Google expands emissions planning tool to over 100 Australian council areas


Helps urban planners chart impact of policies and projects.

Google has expanded its greenhouse gas emission monitoring and planning tool to include more than 100 local council areas across Australia as part of an extension of the platform to 3000 cities around the world.

The platform, called the Environmental Insights Explorer or EIE, is central to Google’s ambitious plan to motivate and assist urban planning authorities in 500 cities to reduce GHG emissions by a billion tons per year by 2030.

Prior to today's announcement the EIE was available in around 122 cities, with Melbourne planning authorities among the first handful to get access to the tool after its initial launch in 2018.

Sydney, Canberra and Adelaide followed in 2019, and from today Google said that the data would be made available to “100+” Australian councils.

The EIE combines Google’s mapping, building and transport data with machine learning to estimate GHG emissions and help urban planners understand the impact of their policies and projects on their carbon footprint.

It can also use building data to identify potential to use solar energy to reduce emissions.

In its official blog for Australia, Google said that the tool was established to spare city and council authorities the cost and drudgery involved in collecting the data themselves and establishing the infrastructure to analyse it.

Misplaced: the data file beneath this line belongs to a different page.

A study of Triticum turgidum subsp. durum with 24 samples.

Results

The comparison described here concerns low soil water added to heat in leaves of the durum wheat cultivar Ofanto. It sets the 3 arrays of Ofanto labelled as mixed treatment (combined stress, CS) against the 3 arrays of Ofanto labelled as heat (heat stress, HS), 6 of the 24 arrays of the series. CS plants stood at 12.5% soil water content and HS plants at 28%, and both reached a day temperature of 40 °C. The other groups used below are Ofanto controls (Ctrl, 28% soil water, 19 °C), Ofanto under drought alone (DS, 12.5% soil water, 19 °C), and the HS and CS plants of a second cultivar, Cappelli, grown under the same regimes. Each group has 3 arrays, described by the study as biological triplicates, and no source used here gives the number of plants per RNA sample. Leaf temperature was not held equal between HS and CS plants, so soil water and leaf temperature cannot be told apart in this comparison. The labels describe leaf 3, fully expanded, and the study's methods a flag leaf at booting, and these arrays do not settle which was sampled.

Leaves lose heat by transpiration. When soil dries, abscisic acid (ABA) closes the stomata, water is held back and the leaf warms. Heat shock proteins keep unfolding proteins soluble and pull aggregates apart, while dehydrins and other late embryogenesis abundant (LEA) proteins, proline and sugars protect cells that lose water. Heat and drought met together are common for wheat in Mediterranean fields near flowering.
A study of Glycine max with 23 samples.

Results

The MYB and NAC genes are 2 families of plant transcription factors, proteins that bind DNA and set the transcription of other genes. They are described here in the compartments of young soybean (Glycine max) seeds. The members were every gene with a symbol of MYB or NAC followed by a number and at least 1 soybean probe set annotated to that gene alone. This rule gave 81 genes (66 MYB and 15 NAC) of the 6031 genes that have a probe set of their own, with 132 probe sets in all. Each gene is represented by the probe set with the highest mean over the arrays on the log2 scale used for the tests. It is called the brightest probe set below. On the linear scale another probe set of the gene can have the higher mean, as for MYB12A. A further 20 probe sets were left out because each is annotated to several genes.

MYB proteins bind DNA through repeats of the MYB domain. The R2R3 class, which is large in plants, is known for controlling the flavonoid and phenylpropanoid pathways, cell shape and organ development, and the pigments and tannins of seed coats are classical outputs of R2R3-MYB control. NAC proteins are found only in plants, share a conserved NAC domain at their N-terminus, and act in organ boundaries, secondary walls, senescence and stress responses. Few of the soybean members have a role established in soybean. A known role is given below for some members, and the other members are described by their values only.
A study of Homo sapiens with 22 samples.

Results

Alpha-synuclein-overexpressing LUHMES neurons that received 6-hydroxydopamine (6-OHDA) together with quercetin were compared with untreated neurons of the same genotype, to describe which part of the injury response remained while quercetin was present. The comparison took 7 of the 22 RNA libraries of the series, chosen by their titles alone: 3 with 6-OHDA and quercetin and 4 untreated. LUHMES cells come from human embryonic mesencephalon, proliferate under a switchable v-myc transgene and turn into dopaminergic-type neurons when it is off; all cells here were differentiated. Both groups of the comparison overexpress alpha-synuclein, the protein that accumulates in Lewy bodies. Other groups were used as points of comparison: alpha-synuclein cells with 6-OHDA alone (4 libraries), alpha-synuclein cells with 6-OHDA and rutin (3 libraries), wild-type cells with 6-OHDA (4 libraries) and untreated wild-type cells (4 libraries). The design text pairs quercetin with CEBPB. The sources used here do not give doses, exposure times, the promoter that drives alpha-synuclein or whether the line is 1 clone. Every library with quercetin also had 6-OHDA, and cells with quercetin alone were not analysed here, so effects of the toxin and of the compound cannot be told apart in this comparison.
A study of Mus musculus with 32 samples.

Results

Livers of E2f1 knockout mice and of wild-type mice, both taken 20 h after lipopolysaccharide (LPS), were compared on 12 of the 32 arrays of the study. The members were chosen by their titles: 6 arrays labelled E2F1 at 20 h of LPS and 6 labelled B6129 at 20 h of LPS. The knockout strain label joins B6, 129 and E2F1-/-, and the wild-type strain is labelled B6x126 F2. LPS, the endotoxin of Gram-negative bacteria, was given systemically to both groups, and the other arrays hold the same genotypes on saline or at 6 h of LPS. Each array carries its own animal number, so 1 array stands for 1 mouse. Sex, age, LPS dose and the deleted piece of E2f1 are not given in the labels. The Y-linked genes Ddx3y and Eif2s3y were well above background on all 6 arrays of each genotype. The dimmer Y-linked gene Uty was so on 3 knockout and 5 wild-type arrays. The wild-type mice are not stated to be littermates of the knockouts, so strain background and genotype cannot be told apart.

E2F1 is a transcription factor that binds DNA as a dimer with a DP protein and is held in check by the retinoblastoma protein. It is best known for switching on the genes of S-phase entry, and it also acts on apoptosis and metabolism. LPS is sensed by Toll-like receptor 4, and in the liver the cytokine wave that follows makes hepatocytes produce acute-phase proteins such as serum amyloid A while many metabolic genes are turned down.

“Without this information, cities can neither understand the challenges they face, nor the impact of their environmental policies,” Google wrote.

Google has also announced partnerships with two prominent Australian climate action bodies: Ironbark Sustainability and sustainability think tank, Beyond Zero Emissions.

The pair have worked extensively with councils and community groups to reduce GHG emissions, and cooperatively on Australia’s first national emissions data tool called Snapshot, which is currently in beta testing.

Google said it would partner with the organisations to incorporate its transport data into Snapshot.

“This data integration will provide updated GHG profiles and enable local government policy decision-making for more than 86 percent of the country's population to put councils on a fast track for delivering commitments, building local resilience, and ensuring economic recovery,”
the company wrote.

Google said it planned expand EIE’s data coverage to more local councils over the coming months.